FORT LAUDERDALE, Fla. — It isn’t discussed much anymore, but Chris Wormley spent his first semester as a college student on crutches.

He arrived to Ann Arbor as an 18-year-old freshman defensive end from Toledo, Ohio, at the beginning of fall camp in 2012. Before his career even began, though, he tore his ACL, wiping out his freshman season. Meanwhile, the Wolverines followed an 11-2 finish in 2011 with a disappointing 8-5 campaign, with bigger falls to come.

Those kinds of memories seem distant now, but Wormley still remembers them.

“I think the hardest part was just the rehab process,” he said Wednesday at a media session ahead of Friday’s Orange Bowl. “There’d be weeks where it would seem like it wasn’t getting any better or the knee wasn’t healing as fast as I thought it should. So just staying in that clear mind and staying focused and not giving up was probably the hardest part.”

Now, Wormley is 23 years old, a fifth-year senior and one of the top defensive ends in college football. His production has dropped a bit this year, from 14.5 tackles for loss to nine and from 6.5 sacks to six, but he has been one of the engines in Michigan’s aggressive defense all season long. The ACL injury is in the past.

Back when it happened, though, Wormley’s future wasn’t as clear.

“I think we all knew the type of players that we could be, the type of players that we should have been. Two years ago, we were all still young,” Wormley said. “The 43 seniors that are on this team now, we were all young back then. And now we’ve risen to the challenge of being a team that everyone thinks that we can be.”

Michigan’s defense has surged from 41st in the country in yards allowed to seventh to fourth to finally second this year. And while the unit was always one of the strengths of the team, its emergence has followed a similar trajectory to Wormley.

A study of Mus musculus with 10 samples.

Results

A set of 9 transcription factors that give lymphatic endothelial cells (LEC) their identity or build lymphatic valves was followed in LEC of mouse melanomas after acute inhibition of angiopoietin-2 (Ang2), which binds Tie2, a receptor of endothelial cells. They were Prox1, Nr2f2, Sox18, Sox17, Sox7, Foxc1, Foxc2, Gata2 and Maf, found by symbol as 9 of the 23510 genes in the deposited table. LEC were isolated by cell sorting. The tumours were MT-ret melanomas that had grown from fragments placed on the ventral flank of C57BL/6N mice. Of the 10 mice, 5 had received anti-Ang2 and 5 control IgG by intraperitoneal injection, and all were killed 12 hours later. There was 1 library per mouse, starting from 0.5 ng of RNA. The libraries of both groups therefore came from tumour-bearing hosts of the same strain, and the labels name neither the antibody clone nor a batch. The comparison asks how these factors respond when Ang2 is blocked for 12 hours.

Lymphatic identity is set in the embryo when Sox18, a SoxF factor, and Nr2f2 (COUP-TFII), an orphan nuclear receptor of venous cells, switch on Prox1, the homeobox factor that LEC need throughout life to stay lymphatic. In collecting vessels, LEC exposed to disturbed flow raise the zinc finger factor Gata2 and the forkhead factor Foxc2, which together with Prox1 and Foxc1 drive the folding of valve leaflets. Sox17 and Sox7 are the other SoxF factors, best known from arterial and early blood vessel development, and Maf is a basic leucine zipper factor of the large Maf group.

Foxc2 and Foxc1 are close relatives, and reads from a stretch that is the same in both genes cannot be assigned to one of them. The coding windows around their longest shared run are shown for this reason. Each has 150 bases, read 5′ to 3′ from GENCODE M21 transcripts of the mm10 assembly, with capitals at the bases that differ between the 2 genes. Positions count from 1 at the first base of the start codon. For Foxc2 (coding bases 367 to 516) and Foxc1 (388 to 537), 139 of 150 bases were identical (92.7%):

The Wolverines have talked often over the past two years about how they’ve played a lot of football. For these players, that wasn’t always the case. They can now point to several times when they have overwhelmed an opponent and come into the next game confident they would do so again. When they began their careers, though, they didn’t have the same success to build upon.

“There’s always that doubt in the back of your mind — maybe I’m not going to be as good as I thought I was going to be, maybe as a unit we’re not going to be as good as we thought we were going to be,” said fifth-year senior defensive tackle Ryan Glasgow. “… I think one of the sayings goes, ‘The longer you don’t know you’re good, the better.’ You always just have to keep working.”

Glasgow himself was a walk-on when he came in, uncertain about his future at Michigan. Almost all of the Wolverines on the defensive side of the ball faced that at some point. For Wormley, that point came early. He won’t call it a blessing, but he thinks to some extent it brought him here.

The long hours rehabilitating his torn ACL eventually led to a terrific career. Glasgow recalls seeing Wormley in the training room for treatment every time he arrived to the facility when the two were freshmen. The road was not easy — the following spring, when the Wolverines returned for spring practice and Wormley was back on the field, the freshman still had just a handful of practices to his name.

“There were times I think Chris maybe got a little down on himself for how he was playing or how he was doing,” Glasgow said. “But as I said, his resilience as a player and as a person helped persevere through that, and now he’s, I think, one of the best (defensive ends) in college football.”

Every now and then, Michigan’s players will enjoy a trip back to the earlier days, though. It started earlier this season when they would break down film from last year to show to younger teammates. Then, during down time on Fridays before they took the bus to the team hotel, they began to look at their game film from two years ago, before they became one of the most successful units in college football. They called it “Old Film Fridays.”

“We’d laugh at our old mistakes, just laugh at each other, and just see where we’ve come as players,” Glasgow said.

Now, they can just laugh about it, because the Wolverines have solidified themselves over the past two years. Asked about the old days, Wormley makes another statement that Michigan has made often recently.

“We know what the opposite is,” Wormley said. “We know what it was like to lose more than half your games. We don’t ever want to go back to that.”